Soooo, we went to see Into the Woods. This is one of those re-imaginings of an old tale, or in this case several old tales, where familiar characters are given new interpretations. The Wiz (1978) was that sort of thing, as was Who Framed Roger Rabbit? (1998), and of course Bugs Bunny was doing it for a long time as was Jay Ward with his Peabody's Improbable History series. Remember the WABAC machine? With Into the Woods, we get Red Riding Hood, Cinderella, Jack and the Beanstalk, and Rapunzel rewound into a Broadway musical.
In this case, what you end up with is a visually good looking, well-acted train wreck of a story with competent but forgettable music.
The cast is the highlight of this film. You have a spooky-good performance by Meryl Streep as the Witch, pretty darn good acting from Emily Blunt as the Baker's Wife, cute performances by Chris Pine as Cinderella's Prince and Lilla Crawford as Red Riding Hood, and pretty good stuff from the rest of the crew. Johnny Depp is in there, but his role is too short and all costume -- not his fault his part is inconsequential.
The film is also pretty good to look at. There are giants and earthquakes and magical coming and goings that were done pretty well. I wondered a lot in this film about how this story might have been done for the stage.
However, what's lacking in this tale is a point. It seems to have been written by committee where the only objective was to do something different with the old characters -- change for change's sake. There may be a point here, but it is lost in the woods.
And sorry Mr. Sondheim, I really can't remember a single song from your score. It was all pretty generic musical theater type stuff -- not bad, just kind of vanilla.
Unless you have a really special reason to see this movie, or just need to get your kids out of the house over the Christmas break, you might want to save your money and wait for this to come out on video.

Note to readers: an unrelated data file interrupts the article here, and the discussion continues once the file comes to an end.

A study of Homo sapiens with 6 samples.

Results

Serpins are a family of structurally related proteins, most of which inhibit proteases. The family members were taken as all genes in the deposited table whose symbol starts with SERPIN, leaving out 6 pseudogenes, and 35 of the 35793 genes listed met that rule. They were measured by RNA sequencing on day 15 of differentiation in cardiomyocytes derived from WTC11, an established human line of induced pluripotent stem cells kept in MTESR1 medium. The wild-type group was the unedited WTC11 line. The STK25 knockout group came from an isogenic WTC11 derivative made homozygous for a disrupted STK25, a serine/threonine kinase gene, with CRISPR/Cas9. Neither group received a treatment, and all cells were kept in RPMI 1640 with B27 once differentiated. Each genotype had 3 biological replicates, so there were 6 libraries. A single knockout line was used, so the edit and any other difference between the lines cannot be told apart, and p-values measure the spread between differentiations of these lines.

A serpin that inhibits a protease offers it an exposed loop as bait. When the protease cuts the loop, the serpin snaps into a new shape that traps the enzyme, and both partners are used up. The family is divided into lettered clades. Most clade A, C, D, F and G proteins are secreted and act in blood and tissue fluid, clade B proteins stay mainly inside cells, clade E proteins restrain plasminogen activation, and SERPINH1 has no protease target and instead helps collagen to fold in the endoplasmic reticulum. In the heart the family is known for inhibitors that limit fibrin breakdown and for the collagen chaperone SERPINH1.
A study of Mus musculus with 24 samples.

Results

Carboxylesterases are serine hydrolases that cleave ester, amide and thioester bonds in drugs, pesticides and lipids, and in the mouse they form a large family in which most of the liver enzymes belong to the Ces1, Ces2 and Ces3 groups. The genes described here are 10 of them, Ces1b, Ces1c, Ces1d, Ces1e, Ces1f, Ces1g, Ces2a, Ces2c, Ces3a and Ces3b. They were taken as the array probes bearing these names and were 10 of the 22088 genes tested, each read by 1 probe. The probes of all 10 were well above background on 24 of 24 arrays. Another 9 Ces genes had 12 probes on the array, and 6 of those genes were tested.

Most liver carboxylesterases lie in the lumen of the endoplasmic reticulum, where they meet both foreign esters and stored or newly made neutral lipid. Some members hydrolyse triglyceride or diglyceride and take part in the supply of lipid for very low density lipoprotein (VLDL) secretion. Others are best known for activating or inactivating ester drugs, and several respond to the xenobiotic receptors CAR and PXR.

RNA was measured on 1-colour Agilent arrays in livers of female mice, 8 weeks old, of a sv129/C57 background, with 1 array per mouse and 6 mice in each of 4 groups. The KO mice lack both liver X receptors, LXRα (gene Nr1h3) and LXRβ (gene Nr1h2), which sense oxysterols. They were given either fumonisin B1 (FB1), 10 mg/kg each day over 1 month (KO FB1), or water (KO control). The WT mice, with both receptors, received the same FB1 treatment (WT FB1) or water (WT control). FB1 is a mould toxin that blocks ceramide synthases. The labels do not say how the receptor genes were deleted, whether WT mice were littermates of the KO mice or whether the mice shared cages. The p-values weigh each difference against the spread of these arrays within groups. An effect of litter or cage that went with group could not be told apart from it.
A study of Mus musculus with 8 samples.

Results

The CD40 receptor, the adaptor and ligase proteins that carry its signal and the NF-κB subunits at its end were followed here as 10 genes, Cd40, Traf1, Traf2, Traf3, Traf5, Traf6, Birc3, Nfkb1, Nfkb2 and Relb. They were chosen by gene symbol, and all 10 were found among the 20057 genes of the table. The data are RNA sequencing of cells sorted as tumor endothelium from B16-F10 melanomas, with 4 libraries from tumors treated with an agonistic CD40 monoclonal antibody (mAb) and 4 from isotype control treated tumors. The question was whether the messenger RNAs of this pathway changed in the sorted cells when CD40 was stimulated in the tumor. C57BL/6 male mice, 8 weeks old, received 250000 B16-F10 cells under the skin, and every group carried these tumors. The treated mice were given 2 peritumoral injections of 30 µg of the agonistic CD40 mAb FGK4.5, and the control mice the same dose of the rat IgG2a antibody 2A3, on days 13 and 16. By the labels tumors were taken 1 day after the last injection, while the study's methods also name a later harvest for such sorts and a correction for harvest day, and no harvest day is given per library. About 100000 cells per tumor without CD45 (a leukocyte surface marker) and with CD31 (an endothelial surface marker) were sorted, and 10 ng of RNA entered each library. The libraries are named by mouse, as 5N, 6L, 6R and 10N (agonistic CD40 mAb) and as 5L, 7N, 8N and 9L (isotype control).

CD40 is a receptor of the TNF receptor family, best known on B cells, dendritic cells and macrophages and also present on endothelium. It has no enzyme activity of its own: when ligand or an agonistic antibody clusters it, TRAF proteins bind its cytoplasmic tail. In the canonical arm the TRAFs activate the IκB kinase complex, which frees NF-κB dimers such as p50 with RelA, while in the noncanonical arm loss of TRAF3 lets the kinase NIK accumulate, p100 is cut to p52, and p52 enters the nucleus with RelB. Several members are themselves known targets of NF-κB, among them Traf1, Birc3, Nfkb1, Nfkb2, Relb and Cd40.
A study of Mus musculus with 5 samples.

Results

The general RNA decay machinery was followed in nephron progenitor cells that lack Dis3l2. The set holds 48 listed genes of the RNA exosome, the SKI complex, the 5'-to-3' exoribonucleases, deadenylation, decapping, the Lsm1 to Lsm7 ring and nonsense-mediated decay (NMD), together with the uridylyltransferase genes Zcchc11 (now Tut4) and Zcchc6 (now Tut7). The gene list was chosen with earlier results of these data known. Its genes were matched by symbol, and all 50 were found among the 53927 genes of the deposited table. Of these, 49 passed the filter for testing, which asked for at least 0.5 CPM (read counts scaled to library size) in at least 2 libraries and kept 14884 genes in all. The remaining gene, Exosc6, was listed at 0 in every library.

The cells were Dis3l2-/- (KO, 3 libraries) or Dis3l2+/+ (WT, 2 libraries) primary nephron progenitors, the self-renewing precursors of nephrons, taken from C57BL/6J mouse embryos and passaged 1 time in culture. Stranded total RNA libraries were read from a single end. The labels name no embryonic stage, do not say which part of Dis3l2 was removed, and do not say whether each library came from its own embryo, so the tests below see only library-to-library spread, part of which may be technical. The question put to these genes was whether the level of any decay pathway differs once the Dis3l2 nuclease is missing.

I pretty much agree with Bernie's point of view on this movie. It was pretty, and at times somewhat funny, but while the vocals were well done, the music was ... meh.
However, there seemed to me to be some clear messages: 1.) When you go after what you want, you may get more than you hoped for, which is not necessarily a good thing. 2.)The woods are full of tricks and uncertainty, which is kind of like life. 3.) You can screw up by giving in to your lust, your greed, your grief, your anger, your obsession ... and that is actually just fine, because everybody does it and it just makes you a more interesting person, so head on into those woods and do it to it.
Certainly everyone makes mistakes, and we all have to learn from them. But Into the Woods was less like learning from mistakes and more like regretting mistakes but then wallowing in them.
Had I been familiar with the play and the lyrics, I would not have spent the money on tickets, not even to see Chris Pine in Prince Charming garb -- though I would have watched him on DVD, so long as I didn't have to buy it.
Finally, two hours was just too long for this film. You expect to get a long show when you go to the theater, but they always have an intermission.
Not going to be interested to buy this one as a DVD, not going to bother watching it on cable.